A non-challenge by Girardi cost Yankees in Game 2 loss.

The New York Yankees had a chance to tie the American League Division at one game a piece with the Cleveland Indians. The Yankees got to Cy Young Award favorite Corey Kluber early, knocking him from that game with two outs in the third inning. At that time, the Yankees had a 6-3 lead.

The Indians fought back and the game went well into extra innings before Cleveland won it on a walk-off RBI single in the bottom of the 13th.

This loss has to fall on Yankees manager Joe Girardi. There were plenty of moves and non-moves that Girardi made that cost the Yankees the game. Cleveland topped the Yankees with a walk-off base-hit in the 13th inning. The final score was 9-8 and the Indians have a 2-0 series lead.

Removing CC Sabathia in the sixth inning

Yes, the Yankees have the best bullpen in baseball and Girardi planned to ride them as far as possible in the playoffs. However, when your starting pitching has a decently comfortable lead and is pitching well, you don’t need to take him out. Chad Green, David Robertson, and Tommy Kahnle all pitched multiple innings in the Wild Card game on Tuesday. They had a couple days rest heading into tonight, but after throwing the unusual length earlier this week, trying once again to stretch them out was not the smart move, especially when it was not necessarily needed.

Girardi removed Sabathia from the game with a lead and one out in the fifth. At that point, he had thrown just 77 pitches. The veteran lefty has much more in the tank than just 77 pitches. If you are not going to trust the guy, why have him pitch Game 2 in the ALDS. Over-thinking never ends well, and it didn’t Friday night for Girardi and the Yankees.

Not calling for review on hit batter

Still in the sixth, with Chad Green on the mound in relief of Sabathia, Girardi made probably the most regrettable decision of the season. With two out and two runners on base, home plate umpire Dan Iassongna said Lonnie Chisenhall was hit by a pitch from Green to load the bases. Yankees catcher Gary Sanchez immediately jumped up saying no, that the ball had hit the bat for a foul ball. Replays showed that indeed was the case. Sanchez had caught the ball, so had Girardi called for the replay review, it would have been ruled an out and the inning would have ended.

Instead, Girardi did not call for the review and the next batter, Francisco Lindor, took Green deep for a grand slam, cutting the Yankees lead to 8-7. The excuse Girardi gave in his post-game press conference was the Yankees did not get the replay within the 30 seconds they are allowed to call for a review. Come one!

Your catcher immediately jumps up telling you the pitch hit the bat. The batter never makes any type of reaction that would make you believe he was hit. The game is already in the sixth inning. You have to challenge that call, regardless of your clubhouse receiving the slow motion replay or not. That’s a terrible job by Girardi to not listen to his catcher. He also said he did not want to disrupt the rhythm of his pitcher without knowing for sure. That is another ridiculous excuse. The pitchers rhythm is already disrupted while the batter goes to first and you take the allowed 30 seconds to consider a challenge.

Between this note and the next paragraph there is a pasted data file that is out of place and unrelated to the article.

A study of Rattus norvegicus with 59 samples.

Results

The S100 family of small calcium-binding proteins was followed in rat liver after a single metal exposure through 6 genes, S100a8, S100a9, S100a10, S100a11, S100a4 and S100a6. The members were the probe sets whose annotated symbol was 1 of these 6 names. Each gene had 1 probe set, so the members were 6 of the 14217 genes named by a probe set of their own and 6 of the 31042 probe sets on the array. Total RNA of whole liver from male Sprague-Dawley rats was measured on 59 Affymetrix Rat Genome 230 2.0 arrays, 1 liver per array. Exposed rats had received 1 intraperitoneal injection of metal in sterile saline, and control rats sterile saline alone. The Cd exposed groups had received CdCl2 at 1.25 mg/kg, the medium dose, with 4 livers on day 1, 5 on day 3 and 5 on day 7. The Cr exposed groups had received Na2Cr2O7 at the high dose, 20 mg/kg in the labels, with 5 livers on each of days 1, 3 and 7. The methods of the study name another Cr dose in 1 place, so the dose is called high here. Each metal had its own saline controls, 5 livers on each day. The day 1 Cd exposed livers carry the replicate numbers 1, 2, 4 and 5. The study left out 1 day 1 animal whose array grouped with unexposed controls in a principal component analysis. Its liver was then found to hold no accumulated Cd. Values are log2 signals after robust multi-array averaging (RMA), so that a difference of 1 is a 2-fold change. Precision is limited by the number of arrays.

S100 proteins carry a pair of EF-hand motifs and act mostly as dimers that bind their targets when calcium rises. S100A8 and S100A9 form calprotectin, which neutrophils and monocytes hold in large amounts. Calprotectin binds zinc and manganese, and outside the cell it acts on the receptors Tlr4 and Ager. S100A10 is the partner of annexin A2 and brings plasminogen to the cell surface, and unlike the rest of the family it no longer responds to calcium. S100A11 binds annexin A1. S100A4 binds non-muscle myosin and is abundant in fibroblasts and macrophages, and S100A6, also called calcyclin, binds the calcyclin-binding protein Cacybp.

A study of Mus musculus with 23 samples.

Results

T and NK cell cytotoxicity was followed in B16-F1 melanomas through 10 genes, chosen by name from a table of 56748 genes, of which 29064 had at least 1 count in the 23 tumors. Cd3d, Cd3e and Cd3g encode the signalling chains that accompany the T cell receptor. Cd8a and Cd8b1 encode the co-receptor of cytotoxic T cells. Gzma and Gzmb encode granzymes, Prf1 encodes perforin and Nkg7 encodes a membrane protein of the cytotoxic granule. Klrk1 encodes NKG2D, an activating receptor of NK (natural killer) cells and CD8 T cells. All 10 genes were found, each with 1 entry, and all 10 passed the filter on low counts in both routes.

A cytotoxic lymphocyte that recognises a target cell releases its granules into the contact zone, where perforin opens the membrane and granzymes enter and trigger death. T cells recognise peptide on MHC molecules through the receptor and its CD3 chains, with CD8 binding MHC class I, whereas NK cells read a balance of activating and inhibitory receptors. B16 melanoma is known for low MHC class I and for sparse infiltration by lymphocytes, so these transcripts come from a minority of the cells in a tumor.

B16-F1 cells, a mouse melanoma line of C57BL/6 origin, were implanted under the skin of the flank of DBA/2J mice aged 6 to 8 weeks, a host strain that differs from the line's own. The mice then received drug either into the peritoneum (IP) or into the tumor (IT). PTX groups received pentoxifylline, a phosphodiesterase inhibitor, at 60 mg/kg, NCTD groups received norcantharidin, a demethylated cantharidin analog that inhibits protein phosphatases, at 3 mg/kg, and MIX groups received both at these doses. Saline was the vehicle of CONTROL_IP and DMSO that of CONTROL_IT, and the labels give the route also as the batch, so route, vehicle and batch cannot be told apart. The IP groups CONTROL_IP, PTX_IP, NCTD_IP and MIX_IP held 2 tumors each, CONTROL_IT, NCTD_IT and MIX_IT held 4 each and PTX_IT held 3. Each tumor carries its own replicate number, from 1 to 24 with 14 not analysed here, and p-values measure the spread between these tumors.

Admit it Joe, you blew it!

Not removing Dellin Betances with a runner on in 13th

This game does not fall on the shoulders of Dellin Betances, despite receiving the loss. Betances has pitched very well at the end of the season and so far in the playoffs. Friday night, Betances was great through the first two innings and Girardi put him out for a third. The longest outing of Betances’ career is 2.1 innings. Considering he got through two innings without throwing many pitches, the problem isn’t having him out there for a third.

However, after Betances walked Austin Jackson, Girardi should have removed him from the game. Jackson has speed and as soon as he walked, you knew Indians manager Terry Francona would attempt to make something happen. Betances has one of the slowest deliveries to home in all of baseball. Leaving Betances in the game, was basically giving Jackson an automatic stolen base. He did steal second to get into scoring position. After the steal, Yan Gomes hit a ball down the third base line, past third baseman Ronald Torreyes and into the corner, scoring Jackson with the game-winning run.

I understand that Betances is a better pitcher than the remaining options in the bullpen, but knowing his delivery, you can not leave him in the game at that point. Adam Warren and Jordan Montgomery were both warming up and ready in the bullpen.


The Yankees now find themselves on the brink of elimination and return to New York for Game 3 at Yankee Stadium on Sunday. Masahiro Tanaka is scheduled to start the game for New York.